Pain Management Network
1. How do we feel pain?
2. What is acute pain and chronic pain?
3. How can I manage chronic pain?
4. Who can help me manage chronic pain?
5. How can I take responsibility for my pain?
1. Why is nutrition important when you have pain?
2. What are the benefits of physical activity?
3. What are my current levels of physical activity?
4. How can I make my goals SMART?
5. What is an upgrade plan? What is a flare-up plan?
6. What are some top tips for keeping on track?
1. How is stress and anxiety a personal experience?
2. How can feelings affect your pain?
3. How are feelings, thoughts, and actions connected?
1. Who am I?
2. Are you avoiding certain activities?
3. What are unhelpful thoughts? How can they be managed?
4. How can distraction be used to manage pain?
5. Relaxation techniques and mindfulness
6. Using techniques in everyday life
1. School can be challenging
2. Why do I need to go to school when I'm in pain?
3. What will I do when I get pain at school?
4. How will I be able to concentrate at school?
5. How do I keep up with my school work?
6. How will I get around the school?
7. Explaining my pain to teachers and friends? How will I stay connected?
1. You're not alone in coping with pain
2. What are the strengths of my family?
3. What are some challenges that a family can experience?
4. How can I communicate with my family about my pain?
5. Tips for siblings and Families
1. How can you plan for challenging situations?
2. Why is it important to have support? Where can support be found?
Complete the quick steps for each type of pain
Does the patient have
Paraplegia (normal movement and feeling in the upper limbs,
but absent or abnormal in lower limbs and trunk) or
Tetraplegia (absent or abnormal movement or feeling in the
upper and lower limbs and trunk)?
What level is the spinal cord injury?
Is the injury
Complete (unable to move and feel any part of the body below the level of injury) or
Incomplete (able to move and/or feel some parts of the body below the level of
Please specify details of the pain in the grid below. If the pain is another type of pain not listed on the grid or is unknown, please indicate in the text box below the
Burning, electric shock-like, pricking, pins and needles, sharp, shooting, hot-burning, tingling, squeezing, cold, electric, or shooting pain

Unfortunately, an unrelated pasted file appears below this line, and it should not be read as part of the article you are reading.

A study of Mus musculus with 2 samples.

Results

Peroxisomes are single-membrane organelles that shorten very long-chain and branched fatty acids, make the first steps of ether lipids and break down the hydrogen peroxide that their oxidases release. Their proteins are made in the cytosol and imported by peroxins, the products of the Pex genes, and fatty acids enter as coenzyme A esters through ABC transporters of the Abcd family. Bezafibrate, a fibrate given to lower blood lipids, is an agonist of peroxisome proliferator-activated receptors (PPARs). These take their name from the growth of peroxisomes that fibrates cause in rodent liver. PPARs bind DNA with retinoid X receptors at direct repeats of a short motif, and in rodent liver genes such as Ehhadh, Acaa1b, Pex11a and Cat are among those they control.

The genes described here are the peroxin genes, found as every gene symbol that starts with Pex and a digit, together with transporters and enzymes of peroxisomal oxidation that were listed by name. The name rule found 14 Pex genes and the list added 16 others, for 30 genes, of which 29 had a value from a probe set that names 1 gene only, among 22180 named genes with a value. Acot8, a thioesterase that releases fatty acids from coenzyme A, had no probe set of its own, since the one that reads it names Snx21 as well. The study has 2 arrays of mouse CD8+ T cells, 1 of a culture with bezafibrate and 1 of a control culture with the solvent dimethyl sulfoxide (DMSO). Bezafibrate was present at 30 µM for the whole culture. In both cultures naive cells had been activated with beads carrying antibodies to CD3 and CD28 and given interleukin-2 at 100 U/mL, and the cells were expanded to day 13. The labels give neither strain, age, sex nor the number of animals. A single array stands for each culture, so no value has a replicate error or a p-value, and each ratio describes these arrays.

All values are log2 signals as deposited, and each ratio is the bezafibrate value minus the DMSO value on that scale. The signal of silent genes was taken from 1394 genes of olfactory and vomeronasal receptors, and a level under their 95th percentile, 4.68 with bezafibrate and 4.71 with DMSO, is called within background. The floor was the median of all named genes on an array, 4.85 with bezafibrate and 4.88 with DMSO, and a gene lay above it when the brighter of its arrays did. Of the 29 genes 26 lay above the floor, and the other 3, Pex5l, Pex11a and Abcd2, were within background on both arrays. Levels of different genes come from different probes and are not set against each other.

More about neuropathic pain
Aching, sharp, dull, posture or movement related
More about muskuloskeletal pain
Dull, cramping, tender
More about visceral pain
Above the level of injurye.g. above T4
At the level of injury
Below the level of injurye.g. above T4
Other type of pain or unknown (e.g. irritable bowel syndrome, complex regional pain syndrome)
What is the average intensity of pain on a scale of 0 - 10 / 10?
where 0 = no pain and 10 = pain as bad as you can imagine
The following are red flag conditions
pain with recent change in sensory or motor function
Generalised systemic symptoms
Change in bladder function
Change in bowel function
Recent fall or trauma
Follow up red flag condition(s) by
More information for you
Select options to add to the Pain Management Plan
Make a plan to deprescribe ineffective medication
Refer to the Be Pain Smart Clinic
Self management resources for your patient
Indicators of risk or misuse may include:
Dose > 40mg morphine equivalent per day (Opioid Calculator Faculty of Pain Medicine, Australian and New Zealand College of Anaesthetists)
Treatment duration > 90 days
Opioid risk tool > 3 (Pain Management Network Opioid Risk Assessment Tool)
Side effects from OTC and other medications evident
Social impact of drug and alcohol misuse (AUDIT (Alcohol Use Disorders Identification Test) Saunders JB)
Refer to a chronic pain clinic: Chronic Pain Services in NSW (PDF)
Refer to a drug and alcohol service
Make a plan to deprescribe opioids
On average, how much has pain interfered with your day to day activities in the last week?
Rate yourself between 0 and 10, where 0 = no interference and 10 = extreme interference
Complete pain diary
Refer to self management resources below
Implement graded activity plan
View possible treatments (procedures and interventions)
stimulation techniques (TENS, acupuncture)
neurosurgical procedures (decompression of nerve root or spinal cord, dorsal root entry zone lesioning, drainage or detethering of syrinx)
procedural interventions (intrathecal management, spinal cord stimulation)
How much has pain interfered with your mood in the last week?
Consider a mental health plan
Refer to psychologist for cognitive behaviour therapy and relaxation
Refer to Macquarie eCentre Clinic
Find a pain clinic in the Chronic Pain Services in NSW list
How much has pain interfered with your sleep in the last week?
Provide sleep strategies
Refer to psychologist for CBT and relaxation
Review eating habits, diet and nutrition
Refer to dietitian
Consider if the person is
Maintaining normal activities despite pain (at home or work)
Using non-drug ways of self-calming (e.g. relaxation, meditation, gentle exercise)
Taking a problem-solving approach to managing their pain (not expecting doctor to sort it out alone)
Minimising alarmist thinking
Minimising avoidant behaviours
Is the patient actively engaged in self management?
Consider referral to psychologist and a mental health plan
Do you have any additional notes to add to the Pain Management Plan?
For complex pain presentations or pain which is not responding to primary care level treatment,
consider referral to tertiary pain and/or spinal services.